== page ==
On 15 November 2017, a proposal was set forth by the Danish Parliament to amend existing tax law regarding the deduction of payroll costs.
A ruling from the Supreme Court in 2017 stated that it be required that payroll costs be separated into costs that are incurred in connection with the operations of the company and those that are incurred in connection with acquisitions/restructurings. Costs in connection with acquisitions/restructurings are non-deductible.
The proposed bill will seek to amend this, so that all payroll costs incurred by a company in regards to its own employees will become deductible. The proposal is expected to be processed quickly, as the law is to come into force on 1 January 2018. The current proposal also suggests a retroactive effect till the tax year of 2008.
Following up on Action 5 of the base erosion and profit shifting (BEPS) initiative, Denmark has also agreed to participate in the compulsory spontaneous exchange of information. This will include (i) binding tax rulings related to beneficiary tax regimes, (ii) cross-border advance pricing agreements (APAs) and all types of cross-border binding rulings related to transfer pricing, (iii) cross-border binding rulings whereby a one-sided reduction of the taxable income has been made without this being reflected in the taxpayer’s financial statements, (iv) binding rulings regarding permanent establishments (PEs), and (v) binding rulings regarding conduit companies.
The information is to be exchanged with all Organisation for Economic Co-operation and Development (OECD) and G20 countries, as well as any other countries that adopt the BEPS initiatives. However, the exchange will only take place if the exchange of information is mutual with the other country. Information on cross-border binding rulings or pre-approved pricing schemes amended or renewed after 31 December 2016 must be exchanged within three months after the end of the half of the calendar year with which it relates to (i.e. deadlines are 30 March and 30 September). Information that is amended or renewed within a period of five years before 1 January 2017 must be exchanged before 1 January 2018, subject to certain exceptions. Taxpayers will be informed prior to exchange.
With effect from 1 January 2017, companies filing complaints against Danish Tax Authorities will now have the right to cost compensation. The cost compensation scheme helps to increase legal certainty, and the proposal therefore reinstated that there should be 100% cost compensation where the company has been compliant, while it is possible to be compensated for 50% of the costs if the case is lost.
For most companies, 31 December 2017 is the first reporting deadline in regards to transfer pricing documentation. The new requirements include an obligation to structure the documentation in a master file and local files. In addition, groups with a consolidated turnover of 5.6 billion Danish kroner (DKK) are required to file a country-by-country (CbC) report, which will provide an overview of the economic activities of the group as well as the taxes paid. Companies will have to provide the first reporting for the income year 2016. If the group is not filing in Denmark, but instead in another country, the group must inform the Danish Tax Authorities of which company in the group is reporting and which country this company is a tax resident of. The reporting may be done digitally.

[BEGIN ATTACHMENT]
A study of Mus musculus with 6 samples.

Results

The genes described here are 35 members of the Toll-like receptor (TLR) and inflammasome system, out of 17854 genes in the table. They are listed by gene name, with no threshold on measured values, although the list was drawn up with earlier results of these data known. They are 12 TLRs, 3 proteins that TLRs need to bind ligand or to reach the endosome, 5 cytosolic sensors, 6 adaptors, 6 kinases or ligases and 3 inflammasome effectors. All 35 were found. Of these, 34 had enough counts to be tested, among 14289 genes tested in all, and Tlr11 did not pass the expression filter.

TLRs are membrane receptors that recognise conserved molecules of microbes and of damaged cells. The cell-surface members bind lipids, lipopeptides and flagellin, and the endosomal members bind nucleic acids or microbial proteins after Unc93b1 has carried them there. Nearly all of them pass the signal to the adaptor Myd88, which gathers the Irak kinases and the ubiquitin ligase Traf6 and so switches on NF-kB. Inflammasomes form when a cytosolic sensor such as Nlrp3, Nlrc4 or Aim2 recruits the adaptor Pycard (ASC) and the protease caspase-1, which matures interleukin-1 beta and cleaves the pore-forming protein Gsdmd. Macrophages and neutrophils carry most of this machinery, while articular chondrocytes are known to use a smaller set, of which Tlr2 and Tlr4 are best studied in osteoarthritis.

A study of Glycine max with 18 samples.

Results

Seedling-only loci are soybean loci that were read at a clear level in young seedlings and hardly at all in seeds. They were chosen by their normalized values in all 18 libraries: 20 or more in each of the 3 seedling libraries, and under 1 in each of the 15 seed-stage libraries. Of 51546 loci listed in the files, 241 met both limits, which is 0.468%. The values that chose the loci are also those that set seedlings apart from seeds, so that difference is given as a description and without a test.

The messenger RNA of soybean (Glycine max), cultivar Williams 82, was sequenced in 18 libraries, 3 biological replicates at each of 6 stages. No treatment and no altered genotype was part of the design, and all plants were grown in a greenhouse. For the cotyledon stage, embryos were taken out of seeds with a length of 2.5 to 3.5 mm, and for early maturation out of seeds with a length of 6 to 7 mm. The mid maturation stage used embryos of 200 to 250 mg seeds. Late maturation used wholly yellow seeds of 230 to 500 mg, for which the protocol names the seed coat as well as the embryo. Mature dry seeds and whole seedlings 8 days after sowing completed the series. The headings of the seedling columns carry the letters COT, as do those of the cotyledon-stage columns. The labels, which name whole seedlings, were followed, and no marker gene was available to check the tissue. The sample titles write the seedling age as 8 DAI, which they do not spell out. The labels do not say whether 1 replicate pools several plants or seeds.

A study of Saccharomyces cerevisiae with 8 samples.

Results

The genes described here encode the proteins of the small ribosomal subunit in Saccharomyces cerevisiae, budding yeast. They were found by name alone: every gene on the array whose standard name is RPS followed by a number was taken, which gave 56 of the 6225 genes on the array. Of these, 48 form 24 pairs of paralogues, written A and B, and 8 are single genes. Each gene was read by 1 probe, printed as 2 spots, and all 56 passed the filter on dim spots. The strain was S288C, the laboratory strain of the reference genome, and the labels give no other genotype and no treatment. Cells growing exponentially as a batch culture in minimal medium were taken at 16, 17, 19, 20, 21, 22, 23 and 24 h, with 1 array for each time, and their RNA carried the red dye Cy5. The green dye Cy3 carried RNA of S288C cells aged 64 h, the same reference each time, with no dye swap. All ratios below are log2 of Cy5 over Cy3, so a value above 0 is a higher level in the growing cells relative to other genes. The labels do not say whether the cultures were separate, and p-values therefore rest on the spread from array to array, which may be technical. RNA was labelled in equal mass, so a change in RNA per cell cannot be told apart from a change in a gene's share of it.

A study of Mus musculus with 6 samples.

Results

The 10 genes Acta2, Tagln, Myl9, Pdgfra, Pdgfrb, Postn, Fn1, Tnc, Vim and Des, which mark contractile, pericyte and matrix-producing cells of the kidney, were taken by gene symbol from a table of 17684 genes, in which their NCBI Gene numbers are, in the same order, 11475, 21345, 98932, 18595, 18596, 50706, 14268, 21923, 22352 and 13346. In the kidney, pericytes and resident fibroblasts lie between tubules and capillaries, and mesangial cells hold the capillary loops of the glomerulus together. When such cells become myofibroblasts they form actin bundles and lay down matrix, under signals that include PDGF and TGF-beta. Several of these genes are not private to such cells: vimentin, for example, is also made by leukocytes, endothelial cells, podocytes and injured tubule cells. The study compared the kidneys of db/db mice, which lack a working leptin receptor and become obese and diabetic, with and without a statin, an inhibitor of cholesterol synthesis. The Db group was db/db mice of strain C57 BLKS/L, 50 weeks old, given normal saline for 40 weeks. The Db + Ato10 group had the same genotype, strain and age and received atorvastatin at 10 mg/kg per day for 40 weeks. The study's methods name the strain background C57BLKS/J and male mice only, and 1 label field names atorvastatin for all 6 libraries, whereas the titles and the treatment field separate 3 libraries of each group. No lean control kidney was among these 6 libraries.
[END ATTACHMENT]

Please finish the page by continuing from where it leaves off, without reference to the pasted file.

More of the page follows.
On 21 April 2015, the Danish Parliament adopted a proposal to include an international circumvention provision in Danish tax law. This provision has had effect since 1 May 2015, and applies to arrangements or series of arrangements and transactions relating to obtaining benefits through tax treaties, regardless of when the treaties have been entered into force. The provision was an implementation of the amendment to the Parent-Subsidiary Directive, but was extended to apply to the Interest-Royalty Directive and Tax Merger Directive and all double tax treaties (DTTs). In the comments to the provision, it is stated that the provision is meant to correspond to the wording of the Parent-Subsidiary Directive, and the Danish provision should be strictly interpreted in accordance with this and any case law from the European Court of Justice (ECJ).
There have since been a few cases where the above-mentioned provision has been tested. In SKM.2017.333.SR, the Tax Council found that the main purpose of the relocation of the parent company from the Bahamas to Luxembourg, immediately before a planned relocation of a Danish subsidiary to Luxembourg, was to obtain a tax benefit that counteracted the aim and purpose of the Parent-Subsidiary Directive. However, in a more recent case, SKM.2017.626.SR, the Tax Council found that the provision did not apply, and indeed the liquidation proceeds distributed from a Danish subsidiary to a Dutch parent company (owned by a trust in Jersey and Guernsey, which was owned by an individual) should not be subject to Danish taxation. The Authorities highlighted that the establishment of the Dutch parent company could not in itself be considered as an abuse of benefits in relation to the Parent-Subsidiary Directive. This was partially due to the fact that the operative companies that were owned by the Danish company were also based in the Netherlands and also due to the fact that the individual owning the trust would not be receiving any distributions, but instead the trust would be making donations to charitable organisations.
On 28 November 2017, the Danish Parliament adopted a new temporary tax credit regime for oil and gas companies, advancing the time of deduction and increasing depreciation on production assets to 20% and uplift to 6.5% in six years (39% in total), in order to encourage investments in the Danish part of the North Sea.